Updated: May 21
Conflict in relationships
Arguments and minor conflicts are common, and important, in all relationships including friendships, family relationships, romantic relationships and professional relationships. Without conflict problems may not get resolved, needs may not be met and one or both parties may experience building resentment. There is not a certain number or arguments that are appropriate, although you may find that you argue most frequently with those you spend the most time with or care for most.
Some types of conflict are never appropriate and these include abusive or violent conflict, conflict that feels continuous and conflict that is experienced as highly distressing or traumatic. Careful consideration and support should also be taken when other people are involved, such as conflict in front of, or with children.
If you are in a relationship with high levels of conflict then try the following strategies to improve the relationship. Ideally, both parties should consider these strategies together, decide which are most appropriate to them as a couple and practice implementing them together. However, if this is not possible because, for example, the relationship is with a superior at work then these strategies may also have some influence when used by you alone.
Remain assertive without being aggressive; speak calmly, keep eye contact and stick to the facts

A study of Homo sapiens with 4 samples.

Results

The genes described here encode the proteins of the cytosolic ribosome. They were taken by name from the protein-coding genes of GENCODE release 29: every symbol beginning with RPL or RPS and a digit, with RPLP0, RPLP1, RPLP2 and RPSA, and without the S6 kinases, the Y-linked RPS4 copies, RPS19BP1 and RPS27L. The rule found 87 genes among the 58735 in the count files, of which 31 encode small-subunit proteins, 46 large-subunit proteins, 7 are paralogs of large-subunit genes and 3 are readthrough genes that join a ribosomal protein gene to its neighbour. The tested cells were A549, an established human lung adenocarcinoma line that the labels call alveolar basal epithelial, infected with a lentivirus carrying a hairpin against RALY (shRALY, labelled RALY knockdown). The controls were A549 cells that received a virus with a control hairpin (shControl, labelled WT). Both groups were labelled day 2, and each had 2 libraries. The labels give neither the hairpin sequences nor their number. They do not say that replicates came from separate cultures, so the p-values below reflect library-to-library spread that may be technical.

Consider the other persons point of view. There is rarely one truth and all sides of a story will have validity
Empathise with the other person’s position and validate how they are feeling. You can validate without agreeing, for example by saying ‘I understand that you feel angry towards me and I still plan to meet my friends this evening’
Start all statements with ‘I…’ rather than ‘You…’ for example, ‘I feel angry when…’ is generally better received than ‘You are making me angry’
Communicate frequently to build trust. A lack of trust in a relationship can lead to conflict. Be honest about your feelings, activities and intentions and be clear that you expect the other person to do the same
Stay mindful of your own actions and emotions. In arguments, we often loose ourselves to our emotional minds and regret this later. If your emotions are increasing to the point of you struggling to control what you say or do, then stop the discussion and resume it when you are calmer
Don’t bring up old arguments or hurts. If something isn’t resolved then the time to bring it up is not when having a new argument. Save ongoing problems for when all concerned parties are calm
Seeking help for relationship conflict
If you have been experiencing conflict in your relationship over the long-term and both parties are interested and invested in resolving this, then it may be beneficial to seek professional support, such as individual or couples therapy. If you feel it would be helpful to seek support and your partner does not, then therapy may still be helpful for you personally. At Maromika, we are skilled at helping you navigate difficult relationships, or supporting you to make change if that is needed. Contact us to discuss your needs and get started with getting back on track.